Morris, Oswald


Morris, Oswald
(b. 1915)
   The cinematographer of LOLITA, Oswald Morris, was born November 22, 1915, in Ruislip, England. He worked as a projectionist while in high school and dropped out of school at age 16 to become an apprentice in the film industry. By 1935 he was an assistant cameraman and by 1938 a camera operator on low-budget British movies. Morris served as a bomber pilot in the Royal Air Force during World War II, and after the war assumed the duties of a camera operator once more. He worked on such films as David Lean’s film of Dickens’s Oliver Twist (1948). He then became a director of photography in 1951, photographing such distinguished movies as John Huston’s Moulin Rouge (1952), the fictionalized biography of French painter Toulouse-Lautrec, and John Huston’s Moby Dick (1956). He also filmed Carol Reed’s The Key (1958) and Our Man in Havana (1959), from the Graham Greene novel, before beginning work on STANLEY KUBRICK’s LOLITA (1962). While the movie was being shot at Associated British Studios, outside of London, Morris realized that Kubrick was a perfectionist: he took his time in coaching the cast during rehearsals, especially paying attention to SUE LYON, who was making her screen debut as the nymphet Lolita in Kubrick’s film of the VLADIMIR NABOKOV novel. Still, because of his long experience as a lighting cameraman, Morris was sometimes nettled by the way that Kubrick personally supervised the cinematographer’s work, since many directors left the lighting of a scene to the cameraman.
   Morris recalls in Richard Corliss’s book on Lolita that Kubrick would say,“Now I want the scene lit as though there’s just one lightbulb in the middle of the set. ” Fifteen minutes later, he would come back and say, “What are all those lights? I told you just one light bulb. ” Morris would reply, “It’s basically and faithfully lit as if with one lightbulb. ” Morris concludes, “So we used to fight, you see. . . . It all got a bit boring, inquest after inquest about the lighting. ” The scene Morris refers to is the one in which Clare Quilty (PETER SELLERS) wants to win the succulent nymphet Lolita away from her stepfather, Humbert Humbert (JAMES MASON), who, like Quilty, is sexually drawn to her. In an effort to come between Humbert and Lolita, Quilty shows up at Humbert’s home wearing thick glasses and a fake mustache, impersonating a school psychologist. He questions Humbert about the propriety of his relationship with his lovely young stepdaughter. He sits in Humbert’s shadowy living room, where only a slim shaft of light illuminates the scene. Kubrick’s concern about seeing to it that the scene was dimly lit, as if by a single lightbulb, was to make it credible for the viewer that Humbert would not see past Quilty’s disguise and recognize Quilty, whom he had encountered before. Despite his differences with Kubrick, Morris’s atmospheric lighting in this and other scenes in Lolita was a hallmark of the film’s technical quality.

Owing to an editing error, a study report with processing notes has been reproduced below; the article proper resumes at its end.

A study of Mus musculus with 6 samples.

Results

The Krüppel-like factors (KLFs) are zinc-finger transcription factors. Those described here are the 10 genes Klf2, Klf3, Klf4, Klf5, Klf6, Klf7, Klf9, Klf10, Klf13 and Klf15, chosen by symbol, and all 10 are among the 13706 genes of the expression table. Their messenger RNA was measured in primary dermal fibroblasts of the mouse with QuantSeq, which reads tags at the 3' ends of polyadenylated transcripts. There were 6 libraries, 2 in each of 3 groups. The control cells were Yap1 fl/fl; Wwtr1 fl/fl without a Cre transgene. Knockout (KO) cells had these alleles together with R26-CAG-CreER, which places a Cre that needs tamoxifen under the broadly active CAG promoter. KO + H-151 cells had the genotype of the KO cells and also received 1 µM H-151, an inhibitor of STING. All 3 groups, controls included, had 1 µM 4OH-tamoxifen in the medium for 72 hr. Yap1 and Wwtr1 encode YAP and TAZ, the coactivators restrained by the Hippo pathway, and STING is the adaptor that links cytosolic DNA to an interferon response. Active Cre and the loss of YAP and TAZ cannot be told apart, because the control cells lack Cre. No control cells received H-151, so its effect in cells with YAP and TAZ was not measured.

Writer Anwar Brett points out that Morris maintained his status as a freelance cinematographer throughout his career. His reputation was such that he did not have the need to work under contract with any one studio in order to assure himself steady work. “His overwhelming talent seems to have been his ability to work with some of the more demanding directors of the period” such as Stanley Kubrick, Brett writes. “Matched with his professional competence and adaptability, his solid and unostentatious work lent character and depth to a wide variety of films. He provided vivid and provocative images” in Martin Ritt’s The Spy Who Came in from the Cold (1966); Carol Reed’s Oliver! (1968), the musical version of the Dickens story he had photographed for David Lean as a straight drama; Norman Jewison’s Fiddler on the Roof (1971), for which he received an Academy Award; and The Seven-Per-Cent Solution (1976), in which Sherlock Holmes meets Sigmund Freud. His last film was The Dark Crystal (1982), featuring Jim Henson’s Muppets in a dazzling fairy tale.
   “No matter how fearsome the reputation of those with whom he worked,” Brett concludes, “Morris discharged his duties with quiet authority, proving himself to be unflashy but thoroughly dependable. ”
   References
   ■ Brett, Anwar, “Oswald Morris,” in International Dictionary of Films and Filmmakers:Writers and Production Artists, rev. ed. , vol. 4, ed. Grace Jeromski (Detroit: St. James Press, 1997), 596+;
   ■ Corliss, Richard, Lolita (London: British Film Institute, 1994).

The Encyclopedia of Stanley Kubrick. . 2002.